The last day is here. I write this in a state of both sadness and joy, because I have seen so many great bands perform in front of pretty enthusiastic crowds. NYC really likes to cheer and woo for their entertainment, and it’ll be something I really miss from this city. Then again, I’m sitting here from home writing this while relaxing with a pillow behind my head instead of some busy Starbucks or windy park. It’s a welcome respite.
So Day 5 was a specific day for me. I’m stationed at the Aussie BBQ in The Delancey to watch home acts perform in front of predominantly American crowds. The venue was decked out to the nines with Tim Tams and teeny tiny servings of noodles or burgers. Served in a fancy food ‘gourmet’ kind of way. It wasn’t too bad, but at least it wasn’t huge piles of oily foodstuffs that you can get at some most restaurants around the Lower East Side.
But it wasn’t The Delancey where I saw my first band of the day. I headed to Arlene’s Grocery for a bit of a afternoon drink and indulge in some funk care of Lyle Divinsky and his troupe of talented musicians. One audience member shouted out between songs that it was a spiritual experience listening to Lyle’s voice, and I couldn’t disagree. Lyle simply blew the small audience away with soul pouring out of his voice.
After such a soulful performance, it would be time to get gritty and dirty again back at The Delancey, where I would spend the rest of the day switching back and forth between the upstairs and downstairs room. The first few bands I saw were bands who I had already seen at the conference. The first one of them being Melbourne’s Cub Sport – a band that seemed a little unsuited to the venue, performing upbeat poppy songs about dogs and school. Some people who looked like they wanted to revisit their youth seemed to like their set
Trudging upstairs, I saw Geoffrey O’Connor perform some spaced out sounds. He performed in this strange, careful way while being careful with a microphone cord, being careful to step in the right places on stage. It was like he was performing studiously. Tigertown went through their songs with a fluffy disposition, twinkling keys and plucking notes in a pretty serious way. It seemed as if they were performing as part of an exam, rather than just enjoying themselves. I may be looking into it a little too much here, I only wished there was a bit more passion within the songs there, and by that I mean, get a little more active on stage, and looking like you’re having fun.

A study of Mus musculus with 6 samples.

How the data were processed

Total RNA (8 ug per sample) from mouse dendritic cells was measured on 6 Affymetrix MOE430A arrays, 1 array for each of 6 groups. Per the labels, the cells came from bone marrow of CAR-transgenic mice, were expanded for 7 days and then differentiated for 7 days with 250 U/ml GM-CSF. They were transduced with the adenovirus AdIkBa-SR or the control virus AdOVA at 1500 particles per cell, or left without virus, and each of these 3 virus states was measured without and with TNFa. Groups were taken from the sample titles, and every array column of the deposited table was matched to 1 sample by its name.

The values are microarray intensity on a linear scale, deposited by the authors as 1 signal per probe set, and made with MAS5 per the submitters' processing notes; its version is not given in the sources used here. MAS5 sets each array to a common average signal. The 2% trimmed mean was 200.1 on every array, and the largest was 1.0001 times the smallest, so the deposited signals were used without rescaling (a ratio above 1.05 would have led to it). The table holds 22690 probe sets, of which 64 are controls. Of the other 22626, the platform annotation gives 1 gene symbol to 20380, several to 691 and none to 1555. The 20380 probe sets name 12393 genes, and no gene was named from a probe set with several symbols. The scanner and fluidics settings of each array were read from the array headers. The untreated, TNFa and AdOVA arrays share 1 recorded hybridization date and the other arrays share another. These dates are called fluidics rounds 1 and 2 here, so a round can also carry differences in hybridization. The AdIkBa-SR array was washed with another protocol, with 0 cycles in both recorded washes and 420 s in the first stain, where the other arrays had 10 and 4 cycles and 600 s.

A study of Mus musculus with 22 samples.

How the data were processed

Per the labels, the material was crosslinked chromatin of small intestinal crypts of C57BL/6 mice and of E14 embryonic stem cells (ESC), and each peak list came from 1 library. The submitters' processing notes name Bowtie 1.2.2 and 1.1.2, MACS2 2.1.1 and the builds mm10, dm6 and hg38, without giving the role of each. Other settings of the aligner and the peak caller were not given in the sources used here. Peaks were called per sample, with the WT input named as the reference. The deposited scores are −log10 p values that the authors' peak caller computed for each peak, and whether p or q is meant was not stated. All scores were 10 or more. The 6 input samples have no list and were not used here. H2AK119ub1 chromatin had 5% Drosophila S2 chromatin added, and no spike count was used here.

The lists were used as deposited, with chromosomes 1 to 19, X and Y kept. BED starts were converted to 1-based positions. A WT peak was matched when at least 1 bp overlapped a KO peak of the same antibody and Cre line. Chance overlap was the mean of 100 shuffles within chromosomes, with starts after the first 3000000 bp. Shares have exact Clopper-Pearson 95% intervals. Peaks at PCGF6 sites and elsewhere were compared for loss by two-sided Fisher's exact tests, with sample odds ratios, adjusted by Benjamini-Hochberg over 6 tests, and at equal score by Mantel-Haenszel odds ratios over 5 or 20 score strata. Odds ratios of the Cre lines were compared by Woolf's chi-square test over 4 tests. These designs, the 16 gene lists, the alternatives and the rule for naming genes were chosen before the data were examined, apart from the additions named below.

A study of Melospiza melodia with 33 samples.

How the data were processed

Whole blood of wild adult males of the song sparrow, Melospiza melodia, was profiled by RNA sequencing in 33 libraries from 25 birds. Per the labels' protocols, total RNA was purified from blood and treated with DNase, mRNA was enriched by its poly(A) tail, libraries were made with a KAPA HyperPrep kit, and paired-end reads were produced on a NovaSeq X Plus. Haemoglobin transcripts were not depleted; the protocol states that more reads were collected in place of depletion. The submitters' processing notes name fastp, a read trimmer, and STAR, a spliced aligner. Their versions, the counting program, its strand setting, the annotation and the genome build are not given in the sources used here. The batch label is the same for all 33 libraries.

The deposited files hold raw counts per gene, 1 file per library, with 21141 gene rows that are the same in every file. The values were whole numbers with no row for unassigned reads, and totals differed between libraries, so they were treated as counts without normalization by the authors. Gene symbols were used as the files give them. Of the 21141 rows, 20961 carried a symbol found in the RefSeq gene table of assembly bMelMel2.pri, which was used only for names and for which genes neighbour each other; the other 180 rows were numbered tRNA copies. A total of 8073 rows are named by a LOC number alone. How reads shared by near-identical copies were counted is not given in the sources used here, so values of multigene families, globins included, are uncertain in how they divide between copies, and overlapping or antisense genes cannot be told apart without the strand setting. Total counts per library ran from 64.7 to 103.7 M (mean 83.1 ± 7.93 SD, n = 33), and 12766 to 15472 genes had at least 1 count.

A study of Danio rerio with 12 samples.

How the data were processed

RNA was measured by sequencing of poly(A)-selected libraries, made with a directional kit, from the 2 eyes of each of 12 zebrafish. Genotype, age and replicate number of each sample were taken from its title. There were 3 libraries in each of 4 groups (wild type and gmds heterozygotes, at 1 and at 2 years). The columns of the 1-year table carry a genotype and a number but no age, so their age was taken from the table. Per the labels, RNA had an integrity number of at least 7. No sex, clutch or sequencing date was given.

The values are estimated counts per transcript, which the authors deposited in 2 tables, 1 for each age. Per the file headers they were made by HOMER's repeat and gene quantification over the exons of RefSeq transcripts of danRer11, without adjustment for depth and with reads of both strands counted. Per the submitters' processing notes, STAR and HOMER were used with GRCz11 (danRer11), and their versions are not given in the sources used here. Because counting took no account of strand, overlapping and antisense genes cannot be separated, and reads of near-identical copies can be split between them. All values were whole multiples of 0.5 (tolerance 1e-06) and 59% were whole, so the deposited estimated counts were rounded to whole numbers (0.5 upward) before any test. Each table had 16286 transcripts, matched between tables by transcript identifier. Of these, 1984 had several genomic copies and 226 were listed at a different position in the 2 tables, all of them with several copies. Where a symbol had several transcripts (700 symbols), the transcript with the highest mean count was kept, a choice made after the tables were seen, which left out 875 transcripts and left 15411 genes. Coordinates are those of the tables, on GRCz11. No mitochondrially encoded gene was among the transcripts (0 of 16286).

The Falls performed some sweet sedate ballads perfect for the afternoon in a set that went well with a cool refreshing water, it provided a nice easy in for the rest of the evening, which progressively got more distorted in the PA systems both upstairs and downstairs. Cranking it up a notch was Sheppard with once again a very suburban feel to their set. What set them apart from Cub Sport were occasional churns of the guitar gave the set a little bit of grunt. It continued on the afternoon vibe theme despite it being a dark room underground.
Watching The Griswolds was like the days of Home nightclub in the early part of last decade. You’d go there to see cool bands and look cool with your sparkly shirts while posing around. Although the posing part isn’t true, the Sydney outfit has this nice little glistening quality to them. Songs like “Heart of a Lion” just had people jumping around in frenzied milkshake fits. Spilt drinks in the audience were the norm for this set (and for much of the rest of the night actually).
The set from Bored Nothing was a quick set of calm before the storm in actual fact, and I think only one spilled drink was observed during this set. Ferg strummed his new guitar and exclaimed excitement at playing it in his banter. He seemed pretty enthused about performing despite the gritty, but also comforting nature of the music. His voice added a curious raspy twist to his music.
This was the point where I went to get myself a nice good old slice at Rosario’s. Highly recommended for anyone wanting to mix all that drink with some food on the Lower East Side. It provided good fuel for me when I got back to The Delancy as well, just in time for Hermitude’s set. Full of funk and interesting live electronic sounds, the duo had the place dancing in a different way to those guitar-based bands. Providing some new tunes from an album due out next year, it looks as if Hermitude are aiming for a perfect mix of chilled out tunes and party, which isn’t bad I suppose. I’m looking forward to the releases regardless.
As more drinks were spilled and heads started to get a bit sore (including mine), the grunt came back downstairs. Melbourne’s Kingswood blew away the crowd with some blasting tunes. Their lead singer was sporting some wonderful facial hair while both guitarist and drummer competed for best head of hair on stage tonight as well. So much blasting sounds from their set resulted in me wanting to rip my shirt off (I didn’t – no one wants to see that).
And so, to the finale for me of CMJ: The Preatures. This is a band which, for me, have found themselves in a musical piece of heaven. They flamed through a set of songs in their scheduled 45 minutes. And sure looked like they were having fun. A huge hooray of woots and applause came after every song and I think “Is This How You Feel?” got the biggest reaction of the night. This was wonderful set that was all about the songs and not about poncing about. As a a closing song, we heard a cover of “I’m Stranded” by The Saints, that put a nice little cherry on top of that CMJ pie.
Reflecting on all this now, the only regret I have is not indulging in more coffee or non-illegal stimulant of some sort. It really a wild beast this CMJ, and I loved every (tiring) minute of it. How the heck do you SXSW punters do it?